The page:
Former Trump campaign manager Paul Manafort faces a second sentencing for conspiracy charges in federal court today. All eyes will be on Judge Amy Berman Jackson's ruling, both for its length and whether it and the Virginia sentence will run concurrently or consecutively after the first ruling faced backlash for its light sentencing from the legal community. (Published Wednesday, March 13, 2019)

    Lawyers for former Trump campaign chairman Paul Manafort filed court papers seeking the dismissal of his New York mortgage fraud case, arguing that the charges brought in the wake of his federal convictions amount to double jeopardy.

    The state case involves some of the same allegations as federal cases that have landed Manafort behind bars, violating a state law that bars repeat prosecutions for the same general conduct, lawyer Todd Blanche wrote in the filing late Wednesday.

    The factual overlap between the federal and state cases "is extensive - if not total," Blanche wrote.

    Manhattan District Attorney Cy Vance Jr. announced the state charges in March, minutes after Manafort was sentenced in the second of his two federal cases, which stemmed from the special counsel probe of Russian election meddling.

    The state-level indictment was widely seen as a way to keep Manafort, who is serving a 7½-year prison sentence, locked up even if President Donald Trump were to pardon him for his federal crimes. The president can pardon federal crimes, but not state offenses.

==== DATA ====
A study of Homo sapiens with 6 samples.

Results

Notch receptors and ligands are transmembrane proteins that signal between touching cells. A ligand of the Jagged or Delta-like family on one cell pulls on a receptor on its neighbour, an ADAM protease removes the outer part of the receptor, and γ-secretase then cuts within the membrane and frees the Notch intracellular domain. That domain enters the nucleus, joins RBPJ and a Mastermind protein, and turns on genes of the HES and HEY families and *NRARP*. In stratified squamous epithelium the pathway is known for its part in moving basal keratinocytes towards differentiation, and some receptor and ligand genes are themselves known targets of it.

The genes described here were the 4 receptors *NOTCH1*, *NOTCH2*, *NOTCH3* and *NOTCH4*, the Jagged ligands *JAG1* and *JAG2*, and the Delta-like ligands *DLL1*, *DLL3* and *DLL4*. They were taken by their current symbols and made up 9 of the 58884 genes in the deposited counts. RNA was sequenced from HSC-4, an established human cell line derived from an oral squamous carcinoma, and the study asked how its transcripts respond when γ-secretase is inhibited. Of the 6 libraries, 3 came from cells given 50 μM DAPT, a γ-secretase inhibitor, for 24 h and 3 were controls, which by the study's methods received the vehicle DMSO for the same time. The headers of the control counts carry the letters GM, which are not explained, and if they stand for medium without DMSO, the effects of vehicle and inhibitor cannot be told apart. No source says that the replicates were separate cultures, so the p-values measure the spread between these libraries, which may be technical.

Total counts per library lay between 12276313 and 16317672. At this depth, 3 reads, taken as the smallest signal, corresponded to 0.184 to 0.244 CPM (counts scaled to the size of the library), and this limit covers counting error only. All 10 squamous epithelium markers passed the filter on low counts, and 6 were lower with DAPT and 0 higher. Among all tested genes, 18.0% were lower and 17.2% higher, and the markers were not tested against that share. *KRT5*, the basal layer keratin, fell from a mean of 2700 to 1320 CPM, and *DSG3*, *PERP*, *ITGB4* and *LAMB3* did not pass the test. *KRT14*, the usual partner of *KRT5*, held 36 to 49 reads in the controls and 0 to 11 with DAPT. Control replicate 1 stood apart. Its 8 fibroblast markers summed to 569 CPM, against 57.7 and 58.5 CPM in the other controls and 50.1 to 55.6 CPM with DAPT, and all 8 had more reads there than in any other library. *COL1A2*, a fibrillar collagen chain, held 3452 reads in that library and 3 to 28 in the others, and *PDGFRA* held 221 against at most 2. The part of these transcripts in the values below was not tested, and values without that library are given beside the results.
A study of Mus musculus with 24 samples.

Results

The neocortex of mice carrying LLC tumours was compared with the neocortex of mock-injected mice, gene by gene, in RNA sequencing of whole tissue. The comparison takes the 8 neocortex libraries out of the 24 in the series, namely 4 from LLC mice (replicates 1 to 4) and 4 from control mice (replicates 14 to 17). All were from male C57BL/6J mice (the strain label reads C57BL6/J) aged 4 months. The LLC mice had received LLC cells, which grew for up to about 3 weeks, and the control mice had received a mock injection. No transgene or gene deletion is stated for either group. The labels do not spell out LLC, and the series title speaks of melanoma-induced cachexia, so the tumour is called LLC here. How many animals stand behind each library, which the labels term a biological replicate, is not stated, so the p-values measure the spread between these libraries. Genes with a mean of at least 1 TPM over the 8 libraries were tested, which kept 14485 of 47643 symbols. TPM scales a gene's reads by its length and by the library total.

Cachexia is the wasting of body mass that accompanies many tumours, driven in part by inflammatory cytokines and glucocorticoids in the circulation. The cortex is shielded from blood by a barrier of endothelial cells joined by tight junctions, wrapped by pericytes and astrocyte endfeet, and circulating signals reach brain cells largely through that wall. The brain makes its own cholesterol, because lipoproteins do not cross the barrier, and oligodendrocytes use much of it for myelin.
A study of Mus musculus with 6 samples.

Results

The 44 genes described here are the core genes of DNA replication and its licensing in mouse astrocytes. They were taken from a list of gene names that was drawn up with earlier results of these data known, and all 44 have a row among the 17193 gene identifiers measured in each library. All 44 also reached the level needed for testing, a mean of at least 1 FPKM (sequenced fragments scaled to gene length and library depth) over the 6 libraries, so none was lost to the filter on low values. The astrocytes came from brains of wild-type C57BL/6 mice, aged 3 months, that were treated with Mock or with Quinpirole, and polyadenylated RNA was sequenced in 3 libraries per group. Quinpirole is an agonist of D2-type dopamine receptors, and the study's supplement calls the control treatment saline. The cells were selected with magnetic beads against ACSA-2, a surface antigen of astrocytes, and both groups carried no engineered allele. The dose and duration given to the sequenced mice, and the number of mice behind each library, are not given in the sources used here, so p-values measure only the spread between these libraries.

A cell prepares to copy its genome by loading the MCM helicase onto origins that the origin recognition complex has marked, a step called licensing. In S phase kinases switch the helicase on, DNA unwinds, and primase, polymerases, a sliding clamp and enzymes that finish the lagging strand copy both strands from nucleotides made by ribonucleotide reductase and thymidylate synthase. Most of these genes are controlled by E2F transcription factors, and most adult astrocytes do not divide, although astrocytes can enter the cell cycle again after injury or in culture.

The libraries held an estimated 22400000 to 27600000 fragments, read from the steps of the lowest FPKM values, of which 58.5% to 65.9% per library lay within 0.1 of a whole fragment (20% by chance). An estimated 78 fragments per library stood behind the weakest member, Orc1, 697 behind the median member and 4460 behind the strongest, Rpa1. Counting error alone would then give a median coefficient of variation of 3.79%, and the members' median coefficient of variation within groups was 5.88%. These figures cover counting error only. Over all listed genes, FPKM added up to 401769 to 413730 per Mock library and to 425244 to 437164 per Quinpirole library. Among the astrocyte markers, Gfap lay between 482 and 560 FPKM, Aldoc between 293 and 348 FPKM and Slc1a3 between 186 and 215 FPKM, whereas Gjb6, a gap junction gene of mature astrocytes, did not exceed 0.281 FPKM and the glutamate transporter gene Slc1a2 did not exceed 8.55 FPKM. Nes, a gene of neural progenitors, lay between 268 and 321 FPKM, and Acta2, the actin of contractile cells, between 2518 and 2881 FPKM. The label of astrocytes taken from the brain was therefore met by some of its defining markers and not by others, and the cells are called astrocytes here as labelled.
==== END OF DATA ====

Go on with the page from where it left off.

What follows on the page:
"Mr. Manafort is entitled to the equal protection of New York's double jeopardy statute, which permits no exceptions for defendants who have garnered national interest, nor for favored political causes of the elected district attorney," Blanche wrote.

    The Manhattan district attorney's office declined to comment, saying it would respond in a court filing by an Oct. 9 deadline.

    The New York Post first reported on the defense's push to get the case dismissed.

    Manafort was convicted in federal court of misleading the U.S. government about his foreign lobbying work, hiding millions of dollars from tax authorities and encouraging witnesses to lie for him.

    The New York indictment alleges Manafort gave false and misleading information in applying for residential mortgage loans, starting in 2015 and continuing until three days before Trump's inauguration in 2017.

    Paperwork filed by New York prosecutors cited admissions Manafort made last year during his federal trial in Washington regarding misrepresentations in mortgage applications for properties in Manhattan and Brooklyn and on Long Island.

    Manhattan prosecutors contend their case is safe from a double jeopardy challenge because mortgage fraud and falsifying business records are state crimes, not federal crimes.

    Manafort's federal cases were byproducts of special counsel Robert Mueller's probe of Russian influence on the 2016 election, but a judge who presided over one of them made clear they had nothing to do with Russian election interference, but rather with Manafort's years of "gaming the system."

    In May, New York lawmakers passed a bill to ease the state's double jeopardy protections and ensure state prosecutors could pursue charges against anyone granted a presidential pardon for similar federal crimes.